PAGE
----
Dava Sobel’s 1999 bestseller, Galileo’s Daughter, made the 17th-century cloistered nun Virginia Galilei (in religion, Suor Maria Celeste of the Franciscan order of Poor Clares) into a worldwide celebrity. Despite its title, however, Galileo’s Daughter was really about the life of the celebrated scientist, and not his daughter, selections from whose letters were used above all as interesting springboards to propel forward the author’s well-wrought and informative narrative. In Letters to Father, on the other hand, Suor Maria Celeste takes center stage. Sobel’s new work is a handsomely designed, discretely annotated, bilingual edition of the complete set of the surviving 124 letters written by Maria Celeste to her father between 1623 and her death 10 years later at the age of 23.
Most of the content of these letters is concerned with extremely mundane, domestic mattersshirt collars bleached and starched, money borrowed and loaned, homemade candied fruit promised and deliveredwith only passing discussion of the larger emotional, social, intellectual, political or ecclesiastical issues impinging on their lives. Nonetheless, Maria Celeste’s missives to her father still make for fascinating, pleasurable and ultimately enlightening reading. Precisely because of their humble, domestic, utterly private nature, the letters help give true flesh and blood, an enlivening third dimension, to historical personages that more exalted, formal documentation published treatises, papal bulls, inquisitorial reportscannot supply.
Questions of historical importance or utility aside, I found it a pleasure simply to be in the company of Maria Celeste. From these lettersspontaneous outpourings directly from the heart, scribbled often at the end of an exhausting day of workthe woman comes across as a truly loving and lovable, gentle, radiant soul whose faith in God is deep and genuine (despite the forced nature of her vocation) and whose feet are at the same time firmly planted on the ground. She is, furthermore, a good writer of intelligent mind, poetic imagination and surprising power of verbal expression. The simple, direct humanity of her communications is extremely appealing. Wistfully she begins a letter, Something in the peaceful air today gave me half a hope of seeing you again, Sire.
All of this makes me grieve for the constant, appalling suffering that the poor woman had to endure, which comes across abundantly in these letters. An illegitimate and unmarriageable daughter, she was forced at the age of 14 into a convent of the Poor Clares, whose rule mandated a life of absolute poverty. Maria Celeste does not even have a cell of her own in which to sleep, having had to relinquish to her emotionally disturbed blood-sister Arcangela their once-shared space. (Their celllike all cellshad been purchased, according to convent custom in those days, for a large sum of money.) It is sad to note that, unfortunately, the voluntary and holy yet unrelenting, survival-threatening poverty of these nuns did not liberate them at all from money. To judge from these letters, in fact, it forced them to be as obsessively aware of it as any avaricious wealthy person.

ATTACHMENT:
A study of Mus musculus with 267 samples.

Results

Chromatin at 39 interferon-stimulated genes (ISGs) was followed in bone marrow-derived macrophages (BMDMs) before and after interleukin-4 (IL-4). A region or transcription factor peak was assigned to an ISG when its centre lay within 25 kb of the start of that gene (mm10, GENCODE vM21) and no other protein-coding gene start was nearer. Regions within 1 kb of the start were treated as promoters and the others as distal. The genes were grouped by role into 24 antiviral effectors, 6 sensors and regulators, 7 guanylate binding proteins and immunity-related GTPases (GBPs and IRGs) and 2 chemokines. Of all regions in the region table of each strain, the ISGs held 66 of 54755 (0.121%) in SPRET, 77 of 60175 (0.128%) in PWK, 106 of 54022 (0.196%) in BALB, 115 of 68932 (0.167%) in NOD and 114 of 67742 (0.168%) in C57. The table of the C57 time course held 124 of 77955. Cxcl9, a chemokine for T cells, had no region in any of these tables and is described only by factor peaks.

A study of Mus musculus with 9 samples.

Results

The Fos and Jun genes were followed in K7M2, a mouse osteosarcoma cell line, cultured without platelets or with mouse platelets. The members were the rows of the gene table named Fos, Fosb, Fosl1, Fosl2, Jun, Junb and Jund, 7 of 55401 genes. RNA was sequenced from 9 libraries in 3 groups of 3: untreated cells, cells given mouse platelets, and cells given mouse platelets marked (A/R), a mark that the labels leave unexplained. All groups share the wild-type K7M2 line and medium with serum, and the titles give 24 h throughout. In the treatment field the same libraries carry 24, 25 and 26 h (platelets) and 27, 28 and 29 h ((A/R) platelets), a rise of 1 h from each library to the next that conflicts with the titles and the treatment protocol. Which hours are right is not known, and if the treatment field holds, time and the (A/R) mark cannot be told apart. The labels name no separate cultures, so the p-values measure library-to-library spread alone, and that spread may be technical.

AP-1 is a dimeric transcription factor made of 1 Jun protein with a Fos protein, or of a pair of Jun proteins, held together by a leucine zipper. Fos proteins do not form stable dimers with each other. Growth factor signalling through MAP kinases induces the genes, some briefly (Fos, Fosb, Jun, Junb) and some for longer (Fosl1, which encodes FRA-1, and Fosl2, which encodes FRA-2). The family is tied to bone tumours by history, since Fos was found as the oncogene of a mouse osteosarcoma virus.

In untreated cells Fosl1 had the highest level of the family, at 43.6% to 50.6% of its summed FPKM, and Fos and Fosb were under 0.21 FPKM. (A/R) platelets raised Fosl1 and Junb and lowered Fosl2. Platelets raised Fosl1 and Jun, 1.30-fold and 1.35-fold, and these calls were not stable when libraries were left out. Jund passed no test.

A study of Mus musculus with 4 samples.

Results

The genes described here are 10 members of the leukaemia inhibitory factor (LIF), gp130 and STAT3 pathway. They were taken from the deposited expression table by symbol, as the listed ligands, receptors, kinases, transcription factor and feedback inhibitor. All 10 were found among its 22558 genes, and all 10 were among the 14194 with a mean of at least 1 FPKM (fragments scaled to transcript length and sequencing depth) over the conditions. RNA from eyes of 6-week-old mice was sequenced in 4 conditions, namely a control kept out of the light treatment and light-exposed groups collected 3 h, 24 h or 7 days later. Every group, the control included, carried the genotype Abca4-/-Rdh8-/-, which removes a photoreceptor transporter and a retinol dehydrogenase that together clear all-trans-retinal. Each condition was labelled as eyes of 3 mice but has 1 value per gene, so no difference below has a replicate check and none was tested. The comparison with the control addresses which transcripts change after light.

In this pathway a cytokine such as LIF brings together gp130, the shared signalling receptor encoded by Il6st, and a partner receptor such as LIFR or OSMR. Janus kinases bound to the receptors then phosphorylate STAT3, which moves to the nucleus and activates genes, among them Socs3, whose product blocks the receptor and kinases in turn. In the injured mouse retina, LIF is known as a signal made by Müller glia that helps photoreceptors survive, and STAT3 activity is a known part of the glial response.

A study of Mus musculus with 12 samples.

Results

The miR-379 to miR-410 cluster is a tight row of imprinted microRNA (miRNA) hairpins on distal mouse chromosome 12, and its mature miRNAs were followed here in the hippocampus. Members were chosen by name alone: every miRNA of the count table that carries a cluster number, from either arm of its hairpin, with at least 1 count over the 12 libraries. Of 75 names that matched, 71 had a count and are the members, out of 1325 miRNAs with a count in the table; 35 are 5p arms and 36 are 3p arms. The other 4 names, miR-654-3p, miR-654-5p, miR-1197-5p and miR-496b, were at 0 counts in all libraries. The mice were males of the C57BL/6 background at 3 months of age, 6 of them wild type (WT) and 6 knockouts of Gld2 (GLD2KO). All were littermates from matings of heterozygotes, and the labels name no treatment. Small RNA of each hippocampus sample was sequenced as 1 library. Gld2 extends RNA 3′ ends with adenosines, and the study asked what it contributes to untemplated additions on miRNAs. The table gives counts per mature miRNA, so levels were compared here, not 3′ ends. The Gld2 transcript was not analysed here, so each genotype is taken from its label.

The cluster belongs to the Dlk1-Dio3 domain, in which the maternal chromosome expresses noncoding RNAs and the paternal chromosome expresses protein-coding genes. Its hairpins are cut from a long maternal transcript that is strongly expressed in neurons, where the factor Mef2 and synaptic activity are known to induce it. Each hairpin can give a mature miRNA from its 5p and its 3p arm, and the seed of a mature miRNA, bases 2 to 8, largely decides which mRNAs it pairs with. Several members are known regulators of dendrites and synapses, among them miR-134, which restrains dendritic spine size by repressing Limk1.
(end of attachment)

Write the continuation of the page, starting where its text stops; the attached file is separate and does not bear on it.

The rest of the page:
As bad, if not worse, was the psychological deprivation. In Maria Celeste’s passionately expressed love for her father one can hear the desperation of an affection-starved woman stranded in an emotional desert. She and the tormented Arcangela would be, one letter cries out, abandoned orphans without their father. There is no mention of any psychological support or joy derived from her community. In one letter she begs her father to return the community’s clock, which he was to repair; otherwise these nuns will not let me live. In another Maria Celeste tells of the horrendous nervous breakdown of their mistress of novices, who had to be tied to her bed after several violent attempts at suicidal self-mutilation. Beyond contagion from the plague that was then ravaging the outside world, one wonders, again, from what had their vow of chastity and cloistered existence liberated them?
As I read the letters, I constantly jumped back and forth from the English to the original Italian. The translation, as far as I can tell, is flawless. I marvel at the skill with which Sobel, who has spent her life as a science writer, not a scholar of pre-modern Italian prose, has succeeded in producing such an accurate and highly readable rendition of the often convoluted and highly colloquial original. Sobel supplies as well a succinct but informative introduction and many (but unobtrusive) marginal notes. Finally, I was pleased to read in the publisher’s press release that both the publisher and the editor/translator of Letters to Father are donating all profits from the book to the Poor Clares of Roswell, N.M., who, as Sobel mentioned during an interview in October 1999 with Bill Golden for the World Wide Web edition of the New York Times Book Review, were such a source of inspiration and concrete help to her in the preparation of Galileo’s Daughter.